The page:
Orange Is the New Black's second season was all about family. At the center of this were two very different women struggling to create and maintain their prison support systems. But while Red (Kate Mulgrew) learned the importance of humility in her quest to win back her girls, Vee (Lorraine Toussaint) was focused only on one thing — survival — no matter how much it harmed those closest to her.
But playing Season 2's villain posed a particular challenge for Toussaint. "When I approach a character, the first thing I look at is the emotional arc. Where I started, where do I end up, and what do I learn in the process?" Toussaint explains to TVGuide.com. "With Vee, because of the way in which psychopaths are wired, there's a fundamental cog that's missing that prevents growth in a funny way."
To cope with Vee's emotional stasis, the way Toussaint approached and related to the character was to find that genuine connection and growth in Vee's relationship with Taystee (Danielle Brooks) — though she admits this might not have been visible to the viewer.
"Taystee is Vee's salvation. That relationship is the only hope of her ever maybe reincarnating as a human being," Toussaint says. "And I do think that she does, in her core, in a limited way, and it is relative, love that girl. And her actions come from love. And certainly by the end of it, there is a tiny capacity for conscious choice and choice of loving with Vee. I had to find that."
Of course, towards the end of the season, Vee kicks Taystee out of her prison family as punishment for Poussey's behavior. But Toussaint shares a unique perspective on this apparent betrayal: "As a mother, we sacrifice for our children. It doesn't matter. You do what's best for your child no matter what it costs you. And on some level, I think she actually performs, maybe for the first time, a sacrificial act. Even if it means just getting rid of her."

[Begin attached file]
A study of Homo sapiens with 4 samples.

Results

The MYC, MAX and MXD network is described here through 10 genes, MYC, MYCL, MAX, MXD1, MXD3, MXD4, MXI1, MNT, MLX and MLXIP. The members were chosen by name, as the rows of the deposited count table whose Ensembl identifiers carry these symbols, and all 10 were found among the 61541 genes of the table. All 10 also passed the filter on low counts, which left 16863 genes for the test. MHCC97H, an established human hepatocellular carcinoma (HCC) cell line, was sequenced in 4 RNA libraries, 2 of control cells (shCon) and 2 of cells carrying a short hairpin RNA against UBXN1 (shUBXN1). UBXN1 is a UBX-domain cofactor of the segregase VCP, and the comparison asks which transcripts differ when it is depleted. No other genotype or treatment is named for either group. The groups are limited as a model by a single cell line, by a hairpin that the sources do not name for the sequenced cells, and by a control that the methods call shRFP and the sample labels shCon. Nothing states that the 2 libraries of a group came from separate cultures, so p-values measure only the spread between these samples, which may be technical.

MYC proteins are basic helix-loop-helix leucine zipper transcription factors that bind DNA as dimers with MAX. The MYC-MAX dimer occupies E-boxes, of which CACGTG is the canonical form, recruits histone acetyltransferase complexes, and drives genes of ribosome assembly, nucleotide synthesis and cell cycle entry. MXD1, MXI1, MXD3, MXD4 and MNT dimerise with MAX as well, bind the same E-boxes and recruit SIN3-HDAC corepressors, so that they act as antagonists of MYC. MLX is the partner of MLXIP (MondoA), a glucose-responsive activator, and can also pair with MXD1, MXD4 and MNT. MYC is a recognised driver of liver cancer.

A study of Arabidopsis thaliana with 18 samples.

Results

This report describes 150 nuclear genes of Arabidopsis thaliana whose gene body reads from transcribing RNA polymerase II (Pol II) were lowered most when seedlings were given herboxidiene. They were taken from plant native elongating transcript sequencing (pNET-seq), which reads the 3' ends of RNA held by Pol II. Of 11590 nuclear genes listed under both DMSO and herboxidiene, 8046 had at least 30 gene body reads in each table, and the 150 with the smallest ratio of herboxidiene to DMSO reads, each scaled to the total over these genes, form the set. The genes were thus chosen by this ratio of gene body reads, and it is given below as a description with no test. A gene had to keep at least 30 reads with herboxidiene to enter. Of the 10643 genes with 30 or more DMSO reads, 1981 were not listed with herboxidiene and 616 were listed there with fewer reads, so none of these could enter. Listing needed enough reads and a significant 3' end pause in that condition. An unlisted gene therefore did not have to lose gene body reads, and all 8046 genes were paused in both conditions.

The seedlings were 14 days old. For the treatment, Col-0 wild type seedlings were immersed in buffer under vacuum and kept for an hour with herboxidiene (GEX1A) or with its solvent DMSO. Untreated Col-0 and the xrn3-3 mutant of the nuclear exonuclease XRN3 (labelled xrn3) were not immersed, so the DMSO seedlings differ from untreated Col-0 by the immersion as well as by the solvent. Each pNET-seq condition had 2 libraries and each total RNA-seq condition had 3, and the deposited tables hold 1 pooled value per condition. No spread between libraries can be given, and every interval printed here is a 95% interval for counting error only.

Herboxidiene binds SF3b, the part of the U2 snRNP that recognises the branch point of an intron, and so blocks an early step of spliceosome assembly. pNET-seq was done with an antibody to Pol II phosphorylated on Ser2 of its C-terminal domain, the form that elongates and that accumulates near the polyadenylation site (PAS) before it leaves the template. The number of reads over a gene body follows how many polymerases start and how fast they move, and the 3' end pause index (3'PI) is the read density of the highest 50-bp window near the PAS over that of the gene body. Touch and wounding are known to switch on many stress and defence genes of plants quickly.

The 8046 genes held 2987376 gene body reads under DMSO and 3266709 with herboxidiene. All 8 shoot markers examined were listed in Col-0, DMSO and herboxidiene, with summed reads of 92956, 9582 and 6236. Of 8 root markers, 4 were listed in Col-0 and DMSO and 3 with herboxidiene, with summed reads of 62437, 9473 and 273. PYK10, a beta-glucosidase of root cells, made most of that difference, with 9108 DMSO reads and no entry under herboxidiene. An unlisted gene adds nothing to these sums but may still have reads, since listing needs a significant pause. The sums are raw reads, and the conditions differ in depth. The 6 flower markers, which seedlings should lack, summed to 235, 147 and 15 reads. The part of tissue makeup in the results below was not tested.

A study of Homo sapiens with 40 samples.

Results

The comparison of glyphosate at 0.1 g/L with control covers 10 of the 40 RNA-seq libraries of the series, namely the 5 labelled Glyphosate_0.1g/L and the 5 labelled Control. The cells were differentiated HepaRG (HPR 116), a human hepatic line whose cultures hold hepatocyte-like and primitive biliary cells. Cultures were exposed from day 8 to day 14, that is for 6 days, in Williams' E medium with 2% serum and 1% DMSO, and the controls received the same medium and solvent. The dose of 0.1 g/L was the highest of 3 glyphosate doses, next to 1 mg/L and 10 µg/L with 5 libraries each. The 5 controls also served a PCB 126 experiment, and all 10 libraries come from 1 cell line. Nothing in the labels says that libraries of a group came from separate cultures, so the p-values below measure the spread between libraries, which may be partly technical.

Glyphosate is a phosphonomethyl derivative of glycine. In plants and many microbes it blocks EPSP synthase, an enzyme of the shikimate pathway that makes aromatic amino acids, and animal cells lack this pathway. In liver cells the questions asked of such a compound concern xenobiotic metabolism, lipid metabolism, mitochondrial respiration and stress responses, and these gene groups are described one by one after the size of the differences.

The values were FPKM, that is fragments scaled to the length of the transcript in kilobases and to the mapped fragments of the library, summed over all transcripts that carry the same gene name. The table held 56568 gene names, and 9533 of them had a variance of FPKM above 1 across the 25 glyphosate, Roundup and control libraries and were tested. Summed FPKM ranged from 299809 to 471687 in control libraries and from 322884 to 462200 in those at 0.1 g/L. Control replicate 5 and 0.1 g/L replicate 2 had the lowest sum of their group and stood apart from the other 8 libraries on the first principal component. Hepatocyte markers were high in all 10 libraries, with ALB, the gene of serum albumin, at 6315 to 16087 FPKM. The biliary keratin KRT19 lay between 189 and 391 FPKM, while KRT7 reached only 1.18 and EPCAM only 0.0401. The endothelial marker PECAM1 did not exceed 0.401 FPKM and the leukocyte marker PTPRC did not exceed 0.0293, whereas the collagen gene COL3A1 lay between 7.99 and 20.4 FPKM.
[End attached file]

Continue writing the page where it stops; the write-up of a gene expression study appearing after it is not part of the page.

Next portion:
Whether you believe Toussaint's interpretation of Vee's motives or not, there's no question over Red's learning curve this season when it comes to the importance of family. "It's crucial," Mulgrew says. "I go to great lengths to get them back and apologize to them."
"Same for me," Toussaint adds. "It's crucial that she has family. And that's one of the things Vee and Red have in common, is that they would both kill for their children. Vee would also kill her children, but she's different."
"I think what neither of us can bear, interestingly enough, is being ostracized," Mulgrew says. "We cannot bear it. We need to have our group."
But while Vee needs her group like a parasite needs a host, Mulgrew insists Red's intentions really are pure with her girls. "I think that my capacity for love has been tried and true on the outside. I have three sons that love me and a husband that I've been married to for 40 years. So all of Red's relationships are lasting, as they are in prison. There's an element of real dimension to them and depths. I think they know that, if nothing else, I'm good for my word and I will stand by them regardless. And I do."
However, just because Red has made up with her prison family doesn't mean there isn't potential for more contention down the road. Mulgrew explains that in exchange for Red taking care of her girls, she expects unconditional allegiance. "And when it doesn't happen, that's when the sh-- hits the fan," Mulgrew says.
So when Red eventually discovers Piper lied to her about the status of her family store, will she interpret that as a betrayal? "We have to see," Mulgrew teases. "I think Red would say honesty is the best policy always."